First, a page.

My thoughts on Goldman Sachs


picture of goldman sachsA lot has been written about Goldman Sachs since the SEC allegations arose that Goldman Sachs committed fraud. Many facts regarding the cases are still unknown. Therefore, I do not want to dwell too much on the topic. However, I have a few important thoughts I wanted to add to the debate.


Goldman Sachs does awful PR and this has brought a lot of attention to the firm. I think this is one reason why Goldman Sachs has become the punching bag of the American people.


In terms of timing, I think the Goldman Sachs news is highly suspect. Even, if they are guilty of fraud (in which case I think they should be fined and punished to the fullest extent of the law) it is very convenient timing for the release of the news. The news was released literally the week President Obama started pushing for financial reform. The SEC says that they had informed Goldman Sachs about the fraud charge nearly a year ago. I am not surprised the news was released after the health care debate and not during it. The SEC claims there was no contact with the administration regarding the timing of the news release. I believe an investigation should be launched into the matter to determine whether the SEC is telling the truth.

The thing that truly frightens me is the fact the SEC only went after Goldman Sachs. The SEC has sat on it’s hands for twenty years doing nothing. I laughed when Bill Clinton claimed that if Arthur Levitt was SEC chairman during the Bush administration none of these excesses would have happened. While I believe Arthur Levitt was a better SEC chairman than Chris Cox, Levitt did not uncover the Bernie Madoff scheme. Levitt also twiddled his thumbs while investment banks were issuing fraudulent IPOs of internet companies that were sold to investors who lost huge sums of money.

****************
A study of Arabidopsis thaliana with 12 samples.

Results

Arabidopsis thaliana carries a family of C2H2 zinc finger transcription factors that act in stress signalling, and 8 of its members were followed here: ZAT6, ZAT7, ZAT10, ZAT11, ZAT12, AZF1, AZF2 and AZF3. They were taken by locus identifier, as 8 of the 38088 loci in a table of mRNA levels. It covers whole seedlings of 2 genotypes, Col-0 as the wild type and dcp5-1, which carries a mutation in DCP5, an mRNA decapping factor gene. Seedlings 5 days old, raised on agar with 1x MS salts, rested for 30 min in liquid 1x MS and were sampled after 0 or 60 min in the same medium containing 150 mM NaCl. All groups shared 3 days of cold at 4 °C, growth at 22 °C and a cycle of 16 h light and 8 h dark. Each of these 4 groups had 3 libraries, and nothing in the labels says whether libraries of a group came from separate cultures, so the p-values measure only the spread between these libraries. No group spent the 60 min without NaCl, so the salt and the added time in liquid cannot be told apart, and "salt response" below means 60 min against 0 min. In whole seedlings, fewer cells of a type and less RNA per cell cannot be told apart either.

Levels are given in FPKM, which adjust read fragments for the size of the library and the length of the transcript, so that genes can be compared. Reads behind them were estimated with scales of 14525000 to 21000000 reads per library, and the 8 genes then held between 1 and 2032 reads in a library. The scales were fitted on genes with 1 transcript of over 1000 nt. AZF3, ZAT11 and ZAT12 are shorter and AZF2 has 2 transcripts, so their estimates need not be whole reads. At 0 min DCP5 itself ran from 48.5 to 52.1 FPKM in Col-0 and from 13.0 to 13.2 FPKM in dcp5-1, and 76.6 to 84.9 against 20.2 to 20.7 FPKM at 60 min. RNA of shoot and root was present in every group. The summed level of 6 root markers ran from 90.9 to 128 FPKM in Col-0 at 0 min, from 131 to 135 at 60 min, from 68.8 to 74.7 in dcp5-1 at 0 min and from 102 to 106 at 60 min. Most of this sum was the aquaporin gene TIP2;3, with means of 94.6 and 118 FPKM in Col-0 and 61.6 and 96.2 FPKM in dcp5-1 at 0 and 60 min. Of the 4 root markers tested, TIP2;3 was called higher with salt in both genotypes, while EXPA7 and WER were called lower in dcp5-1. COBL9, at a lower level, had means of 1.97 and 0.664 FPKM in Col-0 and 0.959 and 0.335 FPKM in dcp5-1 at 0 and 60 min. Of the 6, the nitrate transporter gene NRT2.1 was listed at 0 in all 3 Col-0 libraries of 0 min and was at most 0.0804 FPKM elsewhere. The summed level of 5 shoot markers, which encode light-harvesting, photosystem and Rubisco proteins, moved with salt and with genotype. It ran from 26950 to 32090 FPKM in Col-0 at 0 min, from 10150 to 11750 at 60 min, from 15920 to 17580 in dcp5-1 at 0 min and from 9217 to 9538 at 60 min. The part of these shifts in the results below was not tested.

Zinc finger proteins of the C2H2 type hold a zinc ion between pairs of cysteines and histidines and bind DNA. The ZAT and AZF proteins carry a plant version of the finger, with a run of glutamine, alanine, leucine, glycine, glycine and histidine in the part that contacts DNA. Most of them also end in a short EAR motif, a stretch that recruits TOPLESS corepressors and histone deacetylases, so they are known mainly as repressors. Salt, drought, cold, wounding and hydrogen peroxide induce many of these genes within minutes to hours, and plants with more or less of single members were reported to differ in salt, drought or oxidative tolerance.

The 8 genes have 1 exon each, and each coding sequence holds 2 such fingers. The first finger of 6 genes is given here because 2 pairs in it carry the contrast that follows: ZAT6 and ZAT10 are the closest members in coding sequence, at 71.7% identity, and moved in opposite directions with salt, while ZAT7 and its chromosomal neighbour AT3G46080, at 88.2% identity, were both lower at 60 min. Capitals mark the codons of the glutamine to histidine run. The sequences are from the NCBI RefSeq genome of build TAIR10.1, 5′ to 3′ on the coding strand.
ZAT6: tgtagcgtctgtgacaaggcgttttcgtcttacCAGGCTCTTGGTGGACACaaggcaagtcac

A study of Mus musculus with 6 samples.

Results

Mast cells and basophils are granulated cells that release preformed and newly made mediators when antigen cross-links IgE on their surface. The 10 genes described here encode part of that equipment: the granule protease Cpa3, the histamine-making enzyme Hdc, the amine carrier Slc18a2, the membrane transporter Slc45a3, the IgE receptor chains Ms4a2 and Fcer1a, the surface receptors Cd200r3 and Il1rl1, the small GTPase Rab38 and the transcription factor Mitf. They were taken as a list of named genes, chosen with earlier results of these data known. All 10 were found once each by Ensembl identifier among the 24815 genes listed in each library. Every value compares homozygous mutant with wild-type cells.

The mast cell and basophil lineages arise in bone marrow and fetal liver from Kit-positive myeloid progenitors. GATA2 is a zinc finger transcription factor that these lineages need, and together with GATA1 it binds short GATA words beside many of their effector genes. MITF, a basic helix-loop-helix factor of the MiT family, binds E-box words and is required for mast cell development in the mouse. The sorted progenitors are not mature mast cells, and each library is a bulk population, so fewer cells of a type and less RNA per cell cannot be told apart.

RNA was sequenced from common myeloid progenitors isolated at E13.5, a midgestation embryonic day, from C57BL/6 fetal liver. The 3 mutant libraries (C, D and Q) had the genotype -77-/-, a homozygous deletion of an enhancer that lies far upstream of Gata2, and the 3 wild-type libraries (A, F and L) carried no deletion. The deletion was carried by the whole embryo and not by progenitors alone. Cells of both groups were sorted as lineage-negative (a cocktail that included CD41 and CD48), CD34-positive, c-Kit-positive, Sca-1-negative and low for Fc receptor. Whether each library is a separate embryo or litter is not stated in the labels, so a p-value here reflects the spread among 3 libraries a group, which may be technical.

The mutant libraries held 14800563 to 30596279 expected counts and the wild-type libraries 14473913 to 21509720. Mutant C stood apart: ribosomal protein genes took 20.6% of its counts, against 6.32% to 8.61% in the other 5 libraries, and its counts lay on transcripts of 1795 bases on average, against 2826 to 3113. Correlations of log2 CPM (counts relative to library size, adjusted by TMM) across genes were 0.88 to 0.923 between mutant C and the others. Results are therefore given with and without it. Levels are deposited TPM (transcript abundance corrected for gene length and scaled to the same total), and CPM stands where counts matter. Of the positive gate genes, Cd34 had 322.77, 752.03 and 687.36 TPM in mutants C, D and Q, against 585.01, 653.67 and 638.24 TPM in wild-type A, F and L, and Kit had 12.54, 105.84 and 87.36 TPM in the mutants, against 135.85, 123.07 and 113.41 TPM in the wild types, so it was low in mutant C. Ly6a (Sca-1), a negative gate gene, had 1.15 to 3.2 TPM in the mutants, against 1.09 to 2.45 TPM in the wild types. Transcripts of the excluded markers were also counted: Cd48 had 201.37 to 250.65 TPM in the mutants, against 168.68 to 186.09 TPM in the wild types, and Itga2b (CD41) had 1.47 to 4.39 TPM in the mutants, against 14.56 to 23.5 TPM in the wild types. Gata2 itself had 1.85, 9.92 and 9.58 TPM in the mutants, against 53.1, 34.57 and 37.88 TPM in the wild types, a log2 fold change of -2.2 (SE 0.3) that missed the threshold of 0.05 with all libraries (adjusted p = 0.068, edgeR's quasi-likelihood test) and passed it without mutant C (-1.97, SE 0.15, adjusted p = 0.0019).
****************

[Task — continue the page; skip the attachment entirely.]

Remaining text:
This brings me to why is the SEC only going after Goldman? There were many mortgage lenders that falsified documents of sub-prime borrowers to ensure they got loans. This is clear fraud that went on for many years, yet not there was no SEC action. The SEC has also taken no action against many financial firms which may have falsified their balance sheets. Many top executives claimed their firms were in perfect financial help when merely days later the firms collapsed. This was the case of many commercial banks, investment banks, insurance firms and others during 2007-2008. Again, no SEC action in these cases.When the Government starts to selectively punish certain individuals or even companies everyone should be frightened.